With a little inspiration you can turn your home’s unfinished attic into a beautiful master suite, home office, or bedroom/playroom for the kids.
Whether you have a growing family, have just downsized but need some extra room for visits from the grandkids, or want a dedicated home office, one way to do it is by converting your home’s attic to livable space.
More Space Without Adding On
Adding additional livable square footage to your home is a great way to add value and increase your family’s comfort and enjoyment. If you don’t want to build an addition, you can find all the space you need by heading up to the attic. An attic conversion isn’t ideal for every home, so here are some tips on figuring out if it’s the right choice for you.
- Attics come in all shapes and sizes but there are a few established norms that guide converting them. The “rule of 7s” say a finished attic must have a height of at least seven feet. The area should also be a minimum of 70 square feet and seven feet wide. All is not loss if your attic doesn’t mean the minimum requirements. For example, modifications like installing dormers can help you resolve the height issue. Another great way to gain headroom and add more natural light? Install a skylight.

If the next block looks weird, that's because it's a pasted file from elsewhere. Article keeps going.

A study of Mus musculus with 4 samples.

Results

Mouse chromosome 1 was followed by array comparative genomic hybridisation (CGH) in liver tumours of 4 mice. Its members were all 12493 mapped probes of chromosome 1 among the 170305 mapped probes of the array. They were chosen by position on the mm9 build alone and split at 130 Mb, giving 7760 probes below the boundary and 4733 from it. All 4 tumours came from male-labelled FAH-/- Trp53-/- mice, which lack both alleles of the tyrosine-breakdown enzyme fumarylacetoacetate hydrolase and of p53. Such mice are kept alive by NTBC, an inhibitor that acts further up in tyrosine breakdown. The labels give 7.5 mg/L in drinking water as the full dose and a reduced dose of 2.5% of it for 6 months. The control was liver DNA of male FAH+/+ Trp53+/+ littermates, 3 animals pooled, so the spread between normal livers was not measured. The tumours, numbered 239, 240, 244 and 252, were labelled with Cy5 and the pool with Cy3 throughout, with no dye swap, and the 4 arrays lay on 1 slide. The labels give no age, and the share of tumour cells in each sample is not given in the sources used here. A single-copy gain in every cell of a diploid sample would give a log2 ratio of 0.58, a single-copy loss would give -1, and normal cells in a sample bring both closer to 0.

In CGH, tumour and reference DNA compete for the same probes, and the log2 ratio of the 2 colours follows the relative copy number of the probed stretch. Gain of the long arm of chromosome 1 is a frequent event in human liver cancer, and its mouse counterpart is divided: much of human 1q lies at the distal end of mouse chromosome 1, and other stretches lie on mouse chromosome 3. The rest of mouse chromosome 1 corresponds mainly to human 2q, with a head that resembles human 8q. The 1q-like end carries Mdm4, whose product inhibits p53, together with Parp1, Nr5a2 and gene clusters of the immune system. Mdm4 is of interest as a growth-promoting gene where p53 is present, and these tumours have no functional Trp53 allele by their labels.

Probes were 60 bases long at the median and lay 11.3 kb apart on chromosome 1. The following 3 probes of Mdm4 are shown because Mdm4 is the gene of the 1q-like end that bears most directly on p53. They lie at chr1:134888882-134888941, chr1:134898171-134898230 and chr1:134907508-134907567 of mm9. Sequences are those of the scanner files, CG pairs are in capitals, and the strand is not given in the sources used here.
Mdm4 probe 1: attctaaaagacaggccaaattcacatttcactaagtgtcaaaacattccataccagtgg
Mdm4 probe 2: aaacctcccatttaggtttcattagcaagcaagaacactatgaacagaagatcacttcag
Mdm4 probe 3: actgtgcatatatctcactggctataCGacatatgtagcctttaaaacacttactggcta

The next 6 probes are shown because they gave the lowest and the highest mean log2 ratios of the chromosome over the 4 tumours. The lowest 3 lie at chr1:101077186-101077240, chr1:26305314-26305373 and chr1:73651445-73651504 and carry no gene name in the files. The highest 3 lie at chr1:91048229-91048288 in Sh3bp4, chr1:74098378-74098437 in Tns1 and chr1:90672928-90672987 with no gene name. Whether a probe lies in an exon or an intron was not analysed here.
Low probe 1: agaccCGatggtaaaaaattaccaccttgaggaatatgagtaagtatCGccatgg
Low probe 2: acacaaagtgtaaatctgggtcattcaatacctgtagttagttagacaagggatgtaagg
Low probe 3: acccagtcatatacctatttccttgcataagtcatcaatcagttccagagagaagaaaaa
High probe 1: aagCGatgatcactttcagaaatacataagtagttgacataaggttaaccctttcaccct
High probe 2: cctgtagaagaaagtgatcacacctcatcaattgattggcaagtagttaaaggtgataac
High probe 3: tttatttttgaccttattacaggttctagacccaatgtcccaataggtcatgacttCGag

- Since you’ll be adding elements like flooring, drywall, heating, and cooling, an engineer can help you figure out if the attic can handle the load of a remodel. Your home’s foundation and framing should be checked and, if necessary, steps like strengthening the floor joists should be taken.
- If your home has a folding staircase, you’ll need to replace it with fixed stairs. If your current floorplan doesn’t allow for a traditional option, consider the more compact footprint of a spiral staircase.
- Do you want to install another bathroom in the attic? Figure out if you can position it above the kitchen or another bathroom on the lower floors. Having to run entirely new plumbing can damage walls and be an expensive job.
- Most attics are already batt insulated but you’ll need to add additional insulation if the space is going to be livable. Blown-in insulation is the way to go if you want to maintain the attic’s headroom. And blown-in dense-pack insulation between the floor joists is a great way to dampen overhead noise.
Finally, a well-insulated attic has a climate all its own. For maximum comfort, think about creating a separate zone and installing a dedicated thermostat. It takes a little inspiration to turn an attic into livable space, but the reward is well worth it!